While the temptation to veg out in front of the TV is pretty strong at the end of a long day, the decision to allow toddlers to watch television comes with a few more considerations

What's wrong with a bit of television?

Babies and toddlers don't see television the way adults do. When we watch television, we understand that there's a plot, social interaction, actors, special effects, sets and so forth. Young children can't differentiate between what is real and what is not.

Not only that, but babies and toddlers haven't developed their visual systems fully until they are about 3 years old. So unless the program is specifically designed for them, they won't be getting much out of it. In fact, child development experts have recommended that TV is altogether avoided before the age of 2.

When to use TV

It's ok to turn on the TV every now and then. Sometimes it feels like it's the best thing you can do to take a break or settle an unruly toddler. Try not to use TV as a substitute for playtime or socialisation though – these processes are far more productive and constructive for your toddler's development.

Your toddler will therefore gain more benefit from TV if it is an activity in which you join in. They will be able to respond to your responses and learn from you. If you can, watch a program that includes a bit of interactivity between each of you.

What to watch

Always try and choose a program or channel purposely made for your child's age group. These shows refrain from scary or sexualised images and are visually more appealing due to the slow movement of objects and characters.

In general, these programs teach children about everyday objects, environments and processes and, if selected thoughtfully, will not have embedded marketing messages.

Alternatives to TV

  • Music and CDs, especially those with interactive instructions, books or objects, can be a good way to reduce the sensory overload for your child. This also frees them up to use their imagination when playing with toys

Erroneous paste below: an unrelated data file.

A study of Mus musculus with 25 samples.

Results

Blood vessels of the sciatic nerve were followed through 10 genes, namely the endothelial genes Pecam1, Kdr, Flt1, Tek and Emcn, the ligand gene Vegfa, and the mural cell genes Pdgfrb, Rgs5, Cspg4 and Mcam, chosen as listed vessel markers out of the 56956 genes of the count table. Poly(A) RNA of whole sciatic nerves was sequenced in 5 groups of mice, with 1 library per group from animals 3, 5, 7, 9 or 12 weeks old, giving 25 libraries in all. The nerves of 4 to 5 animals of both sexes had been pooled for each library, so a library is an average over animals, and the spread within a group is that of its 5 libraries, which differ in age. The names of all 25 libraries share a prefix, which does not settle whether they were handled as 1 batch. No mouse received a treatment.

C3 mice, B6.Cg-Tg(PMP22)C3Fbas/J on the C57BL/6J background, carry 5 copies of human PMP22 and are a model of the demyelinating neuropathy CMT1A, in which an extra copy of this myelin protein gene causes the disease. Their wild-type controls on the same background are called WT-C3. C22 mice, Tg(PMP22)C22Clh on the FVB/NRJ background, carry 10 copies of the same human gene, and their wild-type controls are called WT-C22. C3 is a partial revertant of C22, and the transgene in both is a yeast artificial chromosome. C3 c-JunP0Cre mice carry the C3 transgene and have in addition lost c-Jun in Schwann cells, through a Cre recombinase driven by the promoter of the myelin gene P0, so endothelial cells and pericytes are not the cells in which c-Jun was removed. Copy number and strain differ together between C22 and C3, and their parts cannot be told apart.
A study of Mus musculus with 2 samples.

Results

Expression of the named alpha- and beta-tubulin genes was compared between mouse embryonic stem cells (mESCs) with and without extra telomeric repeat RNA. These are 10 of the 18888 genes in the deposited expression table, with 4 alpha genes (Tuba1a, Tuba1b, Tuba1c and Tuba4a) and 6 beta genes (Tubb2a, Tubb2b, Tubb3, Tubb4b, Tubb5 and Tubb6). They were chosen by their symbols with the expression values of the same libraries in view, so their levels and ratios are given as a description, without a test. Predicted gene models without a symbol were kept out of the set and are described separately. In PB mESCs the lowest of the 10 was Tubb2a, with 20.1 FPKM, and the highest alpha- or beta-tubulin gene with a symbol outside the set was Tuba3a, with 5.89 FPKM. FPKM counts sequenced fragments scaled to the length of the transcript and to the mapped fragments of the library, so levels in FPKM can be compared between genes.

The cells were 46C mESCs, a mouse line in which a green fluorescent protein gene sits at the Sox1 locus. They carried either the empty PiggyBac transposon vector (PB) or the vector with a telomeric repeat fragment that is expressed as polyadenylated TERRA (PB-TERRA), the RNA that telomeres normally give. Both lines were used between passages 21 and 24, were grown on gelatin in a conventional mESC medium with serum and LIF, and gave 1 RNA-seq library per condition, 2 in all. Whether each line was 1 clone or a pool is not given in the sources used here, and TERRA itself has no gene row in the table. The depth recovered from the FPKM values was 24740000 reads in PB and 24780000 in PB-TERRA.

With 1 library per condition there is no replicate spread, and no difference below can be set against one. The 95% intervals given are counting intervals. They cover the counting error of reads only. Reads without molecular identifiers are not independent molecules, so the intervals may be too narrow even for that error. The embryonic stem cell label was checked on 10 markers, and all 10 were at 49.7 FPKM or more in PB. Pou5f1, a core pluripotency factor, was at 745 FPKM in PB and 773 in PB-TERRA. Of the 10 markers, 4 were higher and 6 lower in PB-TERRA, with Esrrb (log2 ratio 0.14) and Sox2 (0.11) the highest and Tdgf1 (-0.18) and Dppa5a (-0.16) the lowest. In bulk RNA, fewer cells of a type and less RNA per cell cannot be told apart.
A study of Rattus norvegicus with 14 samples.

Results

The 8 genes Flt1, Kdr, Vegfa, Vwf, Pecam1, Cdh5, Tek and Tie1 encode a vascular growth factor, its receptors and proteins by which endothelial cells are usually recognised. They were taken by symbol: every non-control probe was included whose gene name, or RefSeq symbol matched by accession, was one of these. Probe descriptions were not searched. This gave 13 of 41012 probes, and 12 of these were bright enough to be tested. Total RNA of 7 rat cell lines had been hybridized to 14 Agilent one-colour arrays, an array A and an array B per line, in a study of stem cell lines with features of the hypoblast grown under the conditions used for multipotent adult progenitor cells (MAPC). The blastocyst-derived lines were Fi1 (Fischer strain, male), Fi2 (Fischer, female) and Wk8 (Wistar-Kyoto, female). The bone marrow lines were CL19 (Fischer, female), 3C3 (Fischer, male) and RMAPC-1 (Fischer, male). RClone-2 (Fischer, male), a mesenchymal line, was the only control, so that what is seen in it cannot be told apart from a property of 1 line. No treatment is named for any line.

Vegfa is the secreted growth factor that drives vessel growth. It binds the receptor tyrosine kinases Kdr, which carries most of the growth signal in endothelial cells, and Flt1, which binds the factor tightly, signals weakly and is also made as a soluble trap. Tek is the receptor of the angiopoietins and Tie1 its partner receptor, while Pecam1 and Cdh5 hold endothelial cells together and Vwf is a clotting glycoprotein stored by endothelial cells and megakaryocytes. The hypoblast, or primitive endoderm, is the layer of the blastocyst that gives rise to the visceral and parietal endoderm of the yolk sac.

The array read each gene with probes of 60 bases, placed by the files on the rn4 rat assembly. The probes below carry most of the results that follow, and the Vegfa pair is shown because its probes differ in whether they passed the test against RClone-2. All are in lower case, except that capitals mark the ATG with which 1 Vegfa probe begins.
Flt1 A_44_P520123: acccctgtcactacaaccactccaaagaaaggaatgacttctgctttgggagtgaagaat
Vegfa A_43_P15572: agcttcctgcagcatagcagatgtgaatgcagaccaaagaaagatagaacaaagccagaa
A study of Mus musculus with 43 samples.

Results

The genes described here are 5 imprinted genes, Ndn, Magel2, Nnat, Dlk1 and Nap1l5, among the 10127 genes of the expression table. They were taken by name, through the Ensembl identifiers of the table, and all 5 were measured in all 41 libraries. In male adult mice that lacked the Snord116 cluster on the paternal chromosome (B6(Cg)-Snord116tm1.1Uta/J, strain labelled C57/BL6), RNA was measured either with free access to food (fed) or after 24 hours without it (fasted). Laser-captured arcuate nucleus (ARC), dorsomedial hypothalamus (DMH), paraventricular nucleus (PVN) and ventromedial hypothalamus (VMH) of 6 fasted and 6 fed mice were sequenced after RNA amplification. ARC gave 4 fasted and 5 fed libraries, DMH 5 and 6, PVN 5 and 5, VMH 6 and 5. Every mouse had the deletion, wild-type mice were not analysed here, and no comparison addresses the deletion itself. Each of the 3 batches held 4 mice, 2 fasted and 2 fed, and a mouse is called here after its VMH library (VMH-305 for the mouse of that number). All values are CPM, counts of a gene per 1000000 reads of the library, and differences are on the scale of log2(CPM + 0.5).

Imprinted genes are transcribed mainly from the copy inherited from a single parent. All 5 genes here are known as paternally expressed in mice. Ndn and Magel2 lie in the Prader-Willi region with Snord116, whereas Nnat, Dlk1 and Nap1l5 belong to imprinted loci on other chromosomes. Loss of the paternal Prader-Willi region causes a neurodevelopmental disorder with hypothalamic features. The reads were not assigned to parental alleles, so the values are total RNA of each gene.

• Engage your toddler in household chores. While they might take longer to do, chores won't be seen as a punishment if you're doing them too. If you can make this work, this is a great way to educate your toddler about life around the home
  • Have a special basket of toys that's only brought out infrequently. While they don't have to be expensive or even store-bought, they should be different enough to your toddler's other toys that they get excited to play with them
  • Involve your toddler in cooking. Whether it's pretending you're on a cooking show, genuinely helping you sort and prepare food or letting them choose what goes into their food (such as an omelette, sandwich or pizza) time spent in the kitchen with you will be constructive time for your toddler

Thoughts to consider

  • TV can develop into an unhealthy salve if it is used during high stress moments or constantly utilised as a distraction. This can have further consequences as your child matures
  • When your toddler watches TV, try and avoid channels with advertisements, or opt for DVDs and taped programs
  • You are the best role model for your child. If they see you watching TV frequently, it is likely to be normalised in their eyes
  • Don't feel guilty about letting your child watch TV. But do consider when they're watching it, how often they're watching it and why they're watching it
The best thing for your child's development is to socialise, play, create and discover things about themselves and the world around them. As an adult guardian, you remain the most important thing in their lives, so get involved!